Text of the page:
I’m speaking next week at an RSA security conference in Ottawa about how Risk Intelligence can apply to government organizations. Risk Intelligence is about providing aggregated and transparent risk data to enable timely, informed and confident business decisions.
I believe that threat organizations likely have a better view of a business than most businesses have of themselves.
Why is that? The reason is because of misalignment within an organization. There are two factors at play here.
First, misalignment based on organizational structure. Many organizations (government included) are still running in a very siloed, organizational framework, rather than being aligned to support the core services that drive their organization. Threat organizations have a different way of looking at your business. They look through a business architecture lens. They are razor-focused on the organization’s core value, and what products and services carry that value to market.
Threat organizations prey on the organizational divides that are supported by this kind of misalignment. They aren’t bound by organizational discussions.. They aren’t constrained by internal politics, but they are certainly very interested in them. (Not only that, but because the public demands transparency, every access to information request or news story gives threat organizations more and more info, without having to lift a finger.)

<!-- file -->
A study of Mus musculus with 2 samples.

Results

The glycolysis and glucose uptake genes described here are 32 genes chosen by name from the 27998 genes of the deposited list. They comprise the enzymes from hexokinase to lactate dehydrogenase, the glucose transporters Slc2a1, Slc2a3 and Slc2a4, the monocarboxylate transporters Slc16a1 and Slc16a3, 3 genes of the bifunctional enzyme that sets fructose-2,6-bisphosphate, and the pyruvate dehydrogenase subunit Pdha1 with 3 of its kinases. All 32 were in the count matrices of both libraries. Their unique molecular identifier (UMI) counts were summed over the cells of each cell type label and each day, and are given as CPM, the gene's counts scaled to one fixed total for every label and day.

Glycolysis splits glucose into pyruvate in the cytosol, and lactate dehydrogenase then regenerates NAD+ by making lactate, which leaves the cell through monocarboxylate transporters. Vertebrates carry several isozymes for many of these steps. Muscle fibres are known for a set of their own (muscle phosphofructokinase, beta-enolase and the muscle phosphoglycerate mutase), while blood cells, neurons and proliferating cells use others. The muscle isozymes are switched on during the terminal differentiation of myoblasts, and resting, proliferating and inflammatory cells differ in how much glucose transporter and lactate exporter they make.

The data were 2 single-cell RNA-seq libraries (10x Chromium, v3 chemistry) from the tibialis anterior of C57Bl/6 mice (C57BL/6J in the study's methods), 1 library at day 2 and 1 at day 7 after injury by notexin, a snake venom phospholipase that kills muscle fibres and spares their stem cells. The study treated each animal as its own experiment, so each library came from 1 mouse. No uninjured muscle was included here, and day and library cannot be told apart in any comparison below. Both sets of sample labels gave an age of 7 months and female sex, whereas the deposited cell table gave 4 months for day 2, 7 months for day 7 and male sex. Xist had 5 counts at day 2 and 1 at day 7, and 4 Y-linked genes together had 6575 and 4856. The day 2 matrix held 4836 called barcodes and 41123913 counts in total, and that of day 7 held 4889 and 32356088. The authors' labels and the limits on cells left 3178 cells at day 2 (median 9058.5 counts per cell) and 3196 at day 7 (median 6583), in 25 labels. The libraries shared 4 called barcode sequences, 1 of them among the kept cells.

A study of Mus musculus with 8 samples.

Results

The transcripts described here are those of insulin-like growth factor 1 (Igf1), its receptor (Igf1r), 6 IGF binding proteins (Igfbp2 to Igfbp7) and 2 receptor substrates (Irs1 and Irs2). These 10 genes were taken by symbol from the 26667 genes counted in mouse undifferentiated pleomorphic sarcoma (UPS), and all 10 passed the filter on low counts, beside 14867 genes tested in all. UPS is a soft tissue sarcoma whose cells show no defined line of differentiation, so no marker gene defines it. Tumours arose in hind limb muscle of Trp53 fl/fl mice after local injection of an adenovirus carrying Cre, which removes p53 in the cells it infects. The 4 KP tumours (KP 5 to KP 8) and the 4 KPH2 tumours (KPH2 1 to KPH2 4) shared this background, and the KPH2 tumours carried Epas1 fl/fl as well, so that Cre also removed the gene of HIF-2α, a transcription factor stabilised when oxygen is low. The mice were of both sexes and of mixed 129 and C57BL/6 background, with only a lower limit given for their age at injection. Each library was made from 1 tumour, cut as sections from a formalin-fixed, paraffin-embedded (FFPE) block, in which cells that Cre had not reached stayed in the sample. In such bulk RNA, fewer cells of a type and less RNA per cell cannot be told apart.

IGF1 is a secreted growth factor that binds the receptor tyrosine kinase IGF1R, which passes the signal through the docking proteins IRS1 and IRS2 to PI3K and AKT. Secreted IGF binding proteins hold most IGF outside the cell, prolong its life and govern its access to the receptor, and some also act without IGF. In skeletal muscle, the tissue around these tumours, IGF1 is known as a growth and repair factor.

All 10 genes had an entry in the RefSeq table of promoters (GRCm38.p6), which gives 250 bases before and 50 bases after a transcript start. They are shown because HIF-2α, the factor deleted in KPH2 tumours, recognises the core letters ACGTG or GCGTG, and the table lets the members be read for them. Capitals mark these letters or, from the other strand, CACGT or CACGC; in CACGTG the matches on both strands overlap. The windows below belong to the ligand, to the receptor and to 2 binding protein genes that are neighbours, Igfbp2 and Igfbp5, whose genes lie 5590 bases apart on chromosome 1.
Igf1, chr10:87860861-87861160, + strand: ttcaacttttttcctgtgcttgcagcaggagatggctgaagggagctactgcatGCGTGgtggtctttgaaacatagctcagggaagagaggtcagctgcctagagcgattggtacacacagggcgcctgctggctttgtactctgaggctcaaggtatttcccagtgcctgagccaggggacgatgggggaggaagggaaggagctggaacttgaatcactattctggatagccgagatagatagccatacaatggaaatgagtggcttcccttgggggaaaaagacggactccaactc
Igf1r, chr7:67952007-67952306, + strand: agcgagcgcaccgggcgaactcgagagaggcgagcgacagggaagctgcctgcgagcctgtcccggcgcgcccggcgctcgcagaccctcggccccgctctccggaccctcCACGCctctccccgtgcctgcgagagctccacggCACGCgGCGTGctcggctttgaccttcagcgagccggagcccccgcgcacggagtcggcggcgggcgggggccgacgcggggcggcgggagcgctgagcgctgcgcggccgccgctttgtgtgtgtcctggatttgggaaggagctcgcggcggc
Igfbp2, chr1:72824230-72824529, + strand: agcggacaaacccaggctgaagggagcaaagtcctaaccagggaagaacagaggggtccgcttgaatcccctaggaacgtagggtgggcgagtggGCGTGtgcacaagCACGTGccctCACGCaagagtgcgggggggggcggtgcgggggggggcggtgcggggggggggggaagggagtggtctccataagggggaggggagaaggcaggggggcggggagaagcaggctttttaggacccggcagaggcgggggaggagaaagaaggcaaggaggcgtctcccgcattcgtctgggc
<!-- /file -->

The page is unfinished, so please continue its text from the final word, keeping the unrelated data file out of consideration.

Second, misalignment occurs when there is a lack of common risk taxonomy. For every department, group, agency, or office, there exists another language to describe and communicate risk and security information. As long as everyone feels the need to have their own language, threat organizations will be confident that a co-ordinated approach to managing risk within the federal enterprise remains only a intent to take action.
When we talk about Risk Intelligence, it’s about creating an effective governance, risk and compliance (GRC) program, anchored in a common vision to collect aggregated, transparent risk data across an organization, and align the reporting and actions to its central business goals.
There is a bit of good news at the Canadian government level. Nineteen business objectives have been defined that should be used to categorize systems in the federal government. That’s a good start to operating through a common Business Architecture lens, and it’s also the start of developing a common language to talk about risk. Those are some of the first steps to building a proactive risk intelligence program.
What do you think? Is this something you see within your organization? We look forward to hearing about your challenges and approaches at next week’s event in Ottawa.